September 2023, Vol 13, No 9

On August 14, 2023, the FDA accelerated the approval of elranatamab-bcmm (Elrexfio; Pfizer), a bispecific B-cell maturation antigen (BCMA)–directed CD3 T-cell engager, for the treatment of adults with relapsed or refractory multiple myeloma who have received at least 4 previous lines of therapy, including a proteasome inhibitor (PI), an immunomodulatory drug, and an anti-CD38 monoclonal antibody.

The FDA granted this approval priority review and breakthrough and orphan drug designations.

The approval was based on results from cohort A of the MagnetisMM-3 study, an open-label, single-arm, multicenter, phase 2 clinical trial assessing elranatamab monotherapy in 123 patients with relapsed or refractory multiple myeloma whose disease was refractory to at least 1 PI, 1 immunomodulatory drug, and 1 anti-CD38 antibody. At the time of enrollment, patients had measurable disease by International Myeloma Working Group (IMWG) criteria.

The main efficacy measures were objective response rate (ORR) and duration of response (DOR), as assessed by a blinded independent central review based on IMWG criteria. Of the 123 patients enrolled in the study, 97 had not received previous BCMA-directed therapy and had received at least 4 previous lines of therapy, including a PI, an immunomodulatory drug, and an anti-CD38 monoclonal antibody.

The ORR in those 97 patients was 57.7% (95% confidence interval [CI], 47.3-67.7). At 6 months, the DOR was 90.4% (95% CI, 78.4-95.9), and at 9 months it was 82.3% (95% CI, 67.1-90.9). At a median follow-up of 11.1 months, the median DOR was not reached (95% CI, 12 months-not reached).

“Most multiple myeloma patients will experience relapse or resistance of their disease to treatment, often facing increased symptom burden and lowering their chance of surviving longer with each attempted line of therapy,” Ajay Nooka, MD, MPH, Director, Multiple Myeloma Program, Winship Cancer Institute, Emory University, Atlanta, GA, and study investigator, said in a press release. “By offering durable clinical response with an established safety profile and the convenience of subcutaneous administration, Elrexfio provides a much-needed new option for heavily pre-treated multiple myeloma patients who are struggling with relapsed myeloma.”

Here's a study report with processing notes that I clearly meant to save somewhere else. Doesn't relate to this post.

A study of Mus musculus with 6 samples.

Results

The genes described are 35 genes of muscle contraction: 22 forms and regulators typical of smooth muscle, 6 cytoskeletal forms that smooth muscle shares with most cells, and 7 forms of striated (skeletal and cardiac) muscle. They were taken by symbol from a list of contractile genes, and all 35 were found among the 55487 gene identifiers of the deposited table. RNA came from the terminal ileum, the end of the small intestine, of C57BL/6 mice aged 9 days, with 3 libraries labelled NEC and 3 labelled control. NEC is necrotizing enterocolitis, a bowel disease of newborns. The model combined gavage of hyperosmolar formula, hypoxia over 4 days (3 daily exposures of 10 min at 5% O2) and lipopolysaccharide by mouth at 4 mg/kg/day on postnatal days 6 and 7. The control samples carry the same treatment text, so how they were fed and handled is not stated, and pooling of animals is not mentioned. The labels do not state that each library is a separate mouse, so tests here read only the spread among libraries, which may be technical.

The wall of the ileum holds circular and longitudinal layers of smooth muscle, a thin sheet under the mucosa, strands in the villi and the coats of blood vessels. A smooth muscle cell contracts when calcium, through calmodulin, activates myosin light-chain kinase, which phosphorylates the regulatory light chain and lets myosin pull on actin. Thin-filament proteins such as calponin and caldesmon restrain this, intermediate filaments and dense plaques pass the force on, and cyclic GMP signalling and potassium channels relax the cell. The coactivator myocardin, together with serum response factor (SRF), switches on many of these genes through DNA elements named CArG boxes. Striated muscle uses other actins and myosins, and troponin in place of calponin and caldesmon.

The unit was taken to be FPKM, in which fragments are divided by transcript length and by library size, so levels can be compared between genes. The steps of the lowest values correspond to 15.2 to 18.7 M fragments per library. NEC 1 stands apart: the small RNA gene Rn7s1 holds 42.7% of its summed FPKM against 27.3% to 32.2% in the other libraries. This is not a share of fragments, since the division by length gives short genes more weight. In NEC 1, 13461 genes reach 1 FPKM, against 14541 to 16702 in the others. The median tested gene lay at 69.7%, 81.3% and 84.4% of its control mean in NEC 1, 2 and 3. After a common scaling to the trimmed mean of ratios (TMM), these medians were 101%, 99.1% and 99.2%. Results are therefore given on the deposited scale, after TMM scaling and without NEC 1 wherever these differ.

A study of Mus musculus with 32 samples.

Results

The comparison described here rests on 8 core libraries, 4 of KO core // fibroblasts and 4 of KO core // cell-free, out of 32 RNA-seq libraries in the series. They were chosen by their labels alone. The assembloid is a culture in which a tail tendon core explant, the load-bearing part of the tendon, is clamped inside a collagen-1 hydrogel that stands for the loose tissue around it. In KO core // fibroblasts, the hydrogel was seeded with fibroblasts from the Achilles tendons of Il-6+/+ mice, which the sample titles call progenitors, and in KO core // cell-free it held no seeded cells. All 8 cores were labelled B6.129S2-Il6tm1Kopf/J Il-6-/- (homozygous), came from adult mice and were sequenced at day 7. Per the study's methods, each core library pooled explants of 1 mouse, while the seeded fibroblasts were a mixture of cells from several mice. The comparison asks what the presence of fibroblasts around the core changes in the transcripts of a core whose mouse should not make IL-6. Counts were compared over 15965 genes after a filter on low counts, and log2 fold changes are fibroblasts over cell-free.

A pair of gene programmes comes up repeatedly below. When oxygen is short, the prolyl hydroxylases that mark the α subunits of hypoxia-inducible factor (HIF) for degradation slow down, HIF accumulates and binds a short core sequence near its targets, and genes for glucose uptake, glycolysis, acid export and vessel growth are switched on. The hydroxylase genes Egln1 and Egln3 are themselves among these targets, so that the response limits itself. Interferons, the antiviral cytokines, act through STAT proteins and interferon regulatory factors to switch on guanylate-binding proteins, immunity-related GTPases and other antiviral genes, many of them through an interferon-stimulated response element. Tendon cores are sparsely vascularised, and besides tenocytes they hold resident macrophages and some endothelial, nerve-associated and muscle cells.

The most common (≥20%) adverse reactions were cytokine release syndrome (CRS), fatigue, injection-site reaction, diarrhea, upper respiratory tract infection, musculoskeletal pain, pneumonia, decreased appetite, rash, cough, nausea, and pyrexia. The most common (≥20%) grade 3 or 4 laboratory abnormalities were decreased levels of lymphocytes, neutrophils, hemoglobin, white blood cells, and platelets.

The prescribing information for elranatamab includes a boxed warning regarding the risk for life-threatening or fatal CRS and neurologic toxicity, including immune effector cell–associated neurotoxicity (ICANS). Among patients treated with elranatamab at the recommended dose, 58% had CRS (including 0.5%, grade 3), 59% had neurologic toxicity (including 7%, grade 3/4), and 3.3% had ICANS.

Because of the risks for CRS and neurologic toxicity, including ICANS, elranatamab is available only through a restricted Risk Evaluation and Mitigation Strategy (REMS) program called ELREXFIO REMS.

To reduce the risk for CRS, the recommended dosing for elranatamab includes the following step-up dosing: step-up dose 1 of 12 mg on day 1, step-up dose 2 of 32 mg on day 4, followed by the first treatment dose of 76 mg on day 8, then 76 mg weekly thereafter through week 24. For patients who have received at least 24 weeks of elranatamab and have achieved partial responses or better and maintained responses for at least 2 months, the dose interval should transition to an every-2-week schedule. Treatment with elranatamab may be continued until disease progression or unacceptable toxicity.

Patients should be hospitalized for 48 hours after administration of the first step-up dose, and for 24 hours after administration of the second step-up dose.